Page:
There are more important issues for the presidential contenders to address than what Republican nominee Mitt Romney did at Bain Capital more than a decade ago or how much money he has made since then. If Mr. Romney truly wants to shift the debate to other matters, as he says, he can defuse the questions about his leadership of the private-equity firm he founded and about his personal wealth by addressing them forthrightly rather than continue to talk around them.
His appearance in Bowling Green today would be a good place to start.
At a town hall meeting in Cincinnati on Monday, President Obama repeated his now-familiar charge that Mr. Romney shipped American jobs to other countries when he ran Bain Capital. The President's campaign also accuses Mr. Romney of a lack of candor in describing when he ceded control of the company.
Mr. Romney says he cannot be held responsible for a Bain-owned steel plant that went bankrupt in 2001, claiming he had no active operating role at Bain Capital after 1999. But the Boston Globe, citing corporate documents filed by Bain with the Securities and Exchange Commission, reported that Mr. Romney remained chief executive of the company through 2002.
The GOP candidate has offered several hair-splitting attempts to resolve this apparent discrepancy, reminiscent of Bill Clinton's deconstruction of the word "is." He has demanded that Mr. Obama apologize for campaign ads attacking Mr. Romney's alleged outsourcing and accuses the President of having a worse record on the issue.
None of these attempts to change the subject suffices. If Mr. Romney can produce documents from Bain that show clearly when he left the company, he should do so. If he can't or won't, he has no room to complain if the questions, about outsourcing as well as his corporate chronology, persist.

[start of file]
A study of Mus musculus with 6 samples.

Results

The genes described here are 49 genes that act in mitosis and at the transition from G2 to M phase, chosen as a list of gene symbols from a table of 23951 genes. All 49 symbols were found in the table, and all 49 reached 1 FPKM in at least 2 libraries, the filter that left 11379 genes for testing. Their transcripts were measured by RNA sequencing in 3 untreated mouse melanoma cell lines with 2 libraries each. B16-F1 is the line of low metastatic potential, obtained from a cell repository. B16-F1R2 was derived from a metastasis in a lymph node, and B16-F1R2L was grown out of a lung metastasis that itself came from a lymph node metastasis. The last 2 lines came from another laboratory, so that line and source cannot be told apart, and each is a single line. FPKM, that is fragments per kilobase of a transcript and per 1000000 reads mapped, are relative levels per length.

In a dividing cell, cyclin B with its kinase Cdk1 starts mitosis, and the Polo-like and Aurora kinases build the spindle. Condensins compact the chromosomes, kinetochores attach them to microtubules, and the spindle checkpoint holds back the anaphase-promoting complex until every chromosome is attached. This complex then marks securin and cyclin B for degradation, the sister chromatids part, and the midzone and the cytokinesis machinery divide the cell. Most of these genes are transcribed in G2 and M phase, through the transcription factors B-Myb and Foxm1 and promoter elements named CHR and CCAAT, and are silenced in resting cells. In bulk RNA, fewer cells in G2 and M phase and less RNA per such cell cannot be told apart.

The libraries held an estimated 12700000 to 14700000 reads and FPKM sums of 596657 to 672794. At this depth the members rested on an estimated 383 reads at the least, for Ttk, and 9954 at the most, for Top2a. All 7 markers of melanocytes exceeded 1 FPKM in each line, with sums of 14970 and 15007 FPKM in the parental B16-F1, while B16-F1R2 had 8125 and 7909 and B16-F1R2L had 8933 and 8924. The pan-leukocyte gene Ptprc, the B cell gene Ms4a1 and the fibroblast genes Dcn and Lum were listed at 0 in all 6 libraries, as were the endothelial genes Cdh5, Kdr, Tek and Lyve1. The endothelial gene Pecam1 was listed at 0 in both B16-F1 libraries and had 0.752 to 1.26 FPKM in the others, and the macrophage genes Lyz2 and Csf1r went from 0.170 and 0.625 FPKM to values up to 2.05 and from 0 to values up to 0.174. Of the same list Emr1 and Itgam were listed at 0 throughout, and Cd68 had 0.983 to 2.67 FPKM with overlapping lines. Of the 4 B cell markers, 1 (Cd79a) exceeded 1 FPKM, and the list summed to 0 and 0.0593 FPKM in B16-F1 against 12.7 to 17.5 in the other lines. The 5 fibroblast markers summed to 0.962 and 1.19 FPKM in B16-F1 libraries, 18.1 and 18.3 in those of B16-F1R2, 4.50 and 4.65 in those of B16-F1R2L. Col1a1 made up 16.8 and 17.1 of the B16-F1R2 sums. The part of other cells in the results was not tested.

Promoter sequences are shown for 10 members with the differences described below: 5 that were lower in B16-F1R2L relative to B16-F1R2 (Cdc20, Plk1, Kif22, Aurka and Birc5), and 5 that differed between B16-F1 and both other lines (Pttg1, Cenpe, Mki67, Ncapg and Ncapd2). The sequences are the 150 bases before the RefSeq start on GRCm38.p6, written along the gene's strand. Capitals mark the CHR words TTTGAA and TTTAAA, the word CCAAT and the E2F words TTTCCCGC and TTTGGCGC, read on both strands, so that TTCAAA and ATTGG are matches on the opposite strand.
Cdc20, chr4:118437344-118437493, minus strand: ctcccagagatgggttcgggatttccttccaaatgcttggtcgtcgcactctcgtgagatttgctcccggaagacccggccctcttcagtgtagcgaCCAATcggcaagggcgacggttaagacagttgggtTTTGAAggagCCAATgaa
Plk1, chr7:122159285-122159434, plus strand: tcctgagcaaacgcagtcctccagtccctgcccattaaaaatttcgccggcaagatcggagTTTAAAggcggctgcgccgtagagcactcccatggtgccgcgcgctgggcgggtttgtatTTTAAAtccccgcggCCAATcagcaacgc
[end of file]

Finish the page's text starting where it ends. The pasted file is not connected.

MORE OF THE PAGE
Mr. Romney continues to make similar problems for himself with his refusal to make public his federal income tax returns. He has released his return for 2010 and pledges to do the same for his 2011 return. But he insists he won't release returns for previous years, including when he was CEO of Bain.
That is less disclosure than any other recent presidential nominee, of either party, has made. Critics raise dark suspicions about his use of foreign accounts and tax shelters to avoid paying taxes.
Again, Mr. Romney could dispel these questions by releasing his returns. His failure to do so raises legitimate questions about what he doesn't want voters to know about his finances.
Both President Obama and Mr. Romney are spending a lot of time campaigning in Ohio, including the Toledo area. That's understandable, because our state is likely to determine the outcome of the presidential election.
After he attends a private fund-raiser today at the Toledo Club, Mr. Romney is scheduled to preside over a town hall meeting this afternoon in Bowling Green. As he seeks Ohio voters' support in November, he is more likely to win it by leveling with them now.